Understanding Over/Unders in Rugby
In over/under betting you are guessing what the combined score of both sides will be. A rugby gambling site predicts what the total score of both teams will be and then you have to bet whether that score will be over or under the predicted set point. If the total score is lower than the posted set point, then ‘under’ wins. If it is higher than that set point, then ‘over’ wins. For example, if the final score between two teams is 20-17, the total is 37, so you are betting if the posted set point will be over or under 37 points.
Let us say New Zealand is playing Tonga in the Internationals match in Rugby League. New Zealand is a top favorite in this match, being a top competitor in the league, while Tonga is a big underdog, having much weaker teams historically. The odds could look like this:
- Over (-1.10)
- Under (+1.10)
Here you are wagering if the total score will be higher or lower than 67 points. If you want to bet £100 that the score will be over 67.5 points, then you can win £90 in addition to the original £100 bet. If you are betting £100 that the score will be less than 67.5 points, then you can also win £90 in addition to the original bet. Notice that unlike in money lines, the odds can be the same in rugby over/under betting. This is because in money lines the odds are different to provide an incentive to bet on underdogs, while in over/under betting you are not betting on particular teams but just on their total scores.
A “push” happens when sportsbooks do not add the 0.5 to their total over/under score and the total score ends up being exactly the same as the over/under prediction. In the above example, if a sportsbook were not to use the 0.5 in its prediction, and the total score ended up being exactly 67 points, then nobody would win. The score would neither be above or under 67 points, but rather be exactly that mount. In a case like this, a “push” would happen – when nobody wins and a sportsbook has to return the bets/money to the punters. Hence, sportsbooks will add the 0.5 so this way you are betting that the score will be either over or under 67 points.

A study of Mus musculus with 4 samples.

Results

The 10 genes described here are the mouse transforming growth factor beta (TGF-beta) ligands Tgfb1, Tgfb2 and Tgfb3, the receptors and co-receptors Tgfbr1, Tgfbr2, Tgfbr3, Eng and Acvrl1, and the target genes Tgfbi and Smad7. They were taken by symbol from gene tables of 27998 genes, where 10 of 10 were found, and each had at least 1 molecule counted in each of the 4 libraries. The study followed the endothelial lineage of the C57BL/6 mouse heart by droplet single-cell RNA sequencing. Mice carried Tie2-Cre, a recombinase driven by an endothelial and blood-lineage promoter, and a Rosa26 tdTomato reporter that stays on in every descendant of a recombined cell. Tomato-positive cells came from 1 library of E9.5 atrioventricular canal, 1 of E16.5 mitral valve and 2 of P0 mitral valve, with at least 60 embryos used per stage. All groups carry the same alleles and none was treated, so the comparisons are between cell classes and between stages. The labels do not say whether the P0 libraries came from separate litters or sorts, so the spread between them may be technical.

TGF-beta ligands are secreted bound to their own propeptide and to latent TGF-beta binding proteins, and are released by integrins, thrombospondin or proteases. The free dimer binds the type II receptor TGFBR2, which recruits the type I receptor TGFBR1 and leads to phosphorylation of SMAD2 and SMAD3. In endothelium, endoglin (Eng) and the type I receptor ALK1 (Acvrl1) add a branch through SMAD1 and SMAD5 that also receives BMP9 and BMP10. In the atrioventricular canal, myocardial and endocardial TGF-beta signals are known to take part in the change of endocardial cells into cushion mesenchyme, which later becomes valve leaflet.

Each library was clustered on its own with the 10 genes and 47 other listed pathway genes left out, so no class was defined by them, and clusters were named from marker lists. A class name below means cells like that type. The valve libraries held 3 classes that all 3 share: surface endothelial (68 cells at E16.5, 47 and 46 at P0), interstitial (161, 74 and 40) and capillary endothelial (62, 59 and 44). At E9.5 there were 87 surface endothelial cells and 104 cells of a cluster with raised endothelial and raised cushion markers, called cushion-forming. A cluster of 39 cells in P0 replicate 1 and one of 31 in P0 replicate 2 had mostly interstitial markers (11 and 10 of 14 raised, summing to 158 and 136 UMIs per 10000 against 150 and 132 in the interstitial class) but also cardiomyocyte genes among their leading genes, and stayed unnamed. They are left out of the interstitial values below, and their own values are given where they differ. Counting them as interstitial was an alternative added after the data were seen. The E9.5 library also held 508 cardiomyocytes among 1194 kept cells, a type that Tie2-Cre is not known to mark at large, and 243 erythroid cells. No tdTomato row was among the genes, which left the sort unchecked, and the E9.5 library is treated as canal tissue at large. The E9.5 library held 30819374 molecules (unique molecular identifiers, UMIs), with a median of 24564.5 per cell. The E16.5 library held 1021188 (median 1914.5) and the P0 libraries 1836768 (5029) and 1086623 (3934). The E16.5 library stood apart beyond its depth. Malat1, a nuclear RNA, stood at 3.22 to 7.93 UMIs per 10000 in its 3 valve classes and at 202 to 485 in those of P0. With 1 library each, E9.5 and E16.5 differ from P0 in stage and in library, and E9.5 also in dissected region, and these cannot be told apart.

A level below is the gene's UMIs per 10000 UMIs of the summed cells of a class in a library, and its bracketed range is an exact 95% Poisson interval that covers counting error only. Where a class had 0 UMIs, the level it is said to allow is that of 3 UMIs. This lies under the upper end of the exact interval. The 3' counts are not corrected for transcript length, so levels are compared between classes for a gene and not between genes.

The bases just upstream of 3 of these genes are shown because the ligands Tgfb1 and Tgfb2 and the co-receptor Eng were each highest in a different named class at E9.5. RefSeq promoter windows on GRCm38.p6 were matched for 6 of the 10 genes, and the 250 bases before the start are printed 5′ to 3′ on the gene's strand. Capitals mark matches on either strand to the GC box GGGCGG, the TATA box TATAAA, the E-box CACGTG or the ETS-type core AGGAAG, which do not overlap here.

Tips to Help You Win
Historic Performance of Both Sides
One of the most important things you should consider when deciding what the total score is going to be between two teams is how they played against each other in previous match-ups. If they played before, what were their total scores? For example, if a sportsbook is predicting 47 points between New Zealand and England in Internationals League match, and you know that in their last five games their total score in the last 5 matches was around 37 points, then you should bet on the ‘under’.
You should also know what strategies the teams adopt against each other historically. For example, you know that both sides are huge rivals and get very aggressive against each other. The more aggressive they are, the more they will try to score, which can increase a total score between the teams. Likewise, if the teams are wary of each other or have similar defensive strategies, then the total score might reflect that and not be as high. All is very dependent as you can see so far.
Another rugby over/under betting tip is to consider weather conditions when making your wagers. Strong wind, snow and/or rain can make it harder for offensive players to run and score tries. In addition, both teams might get tired faster playing in bad weather conditions. This is mostly the case when both sides are more equal with each other in strength and come from similar type of climate conditions. It might not be the same case when one team is much stronger than the other, with its players having more stamina and being from areas where bad weather is more prevalent.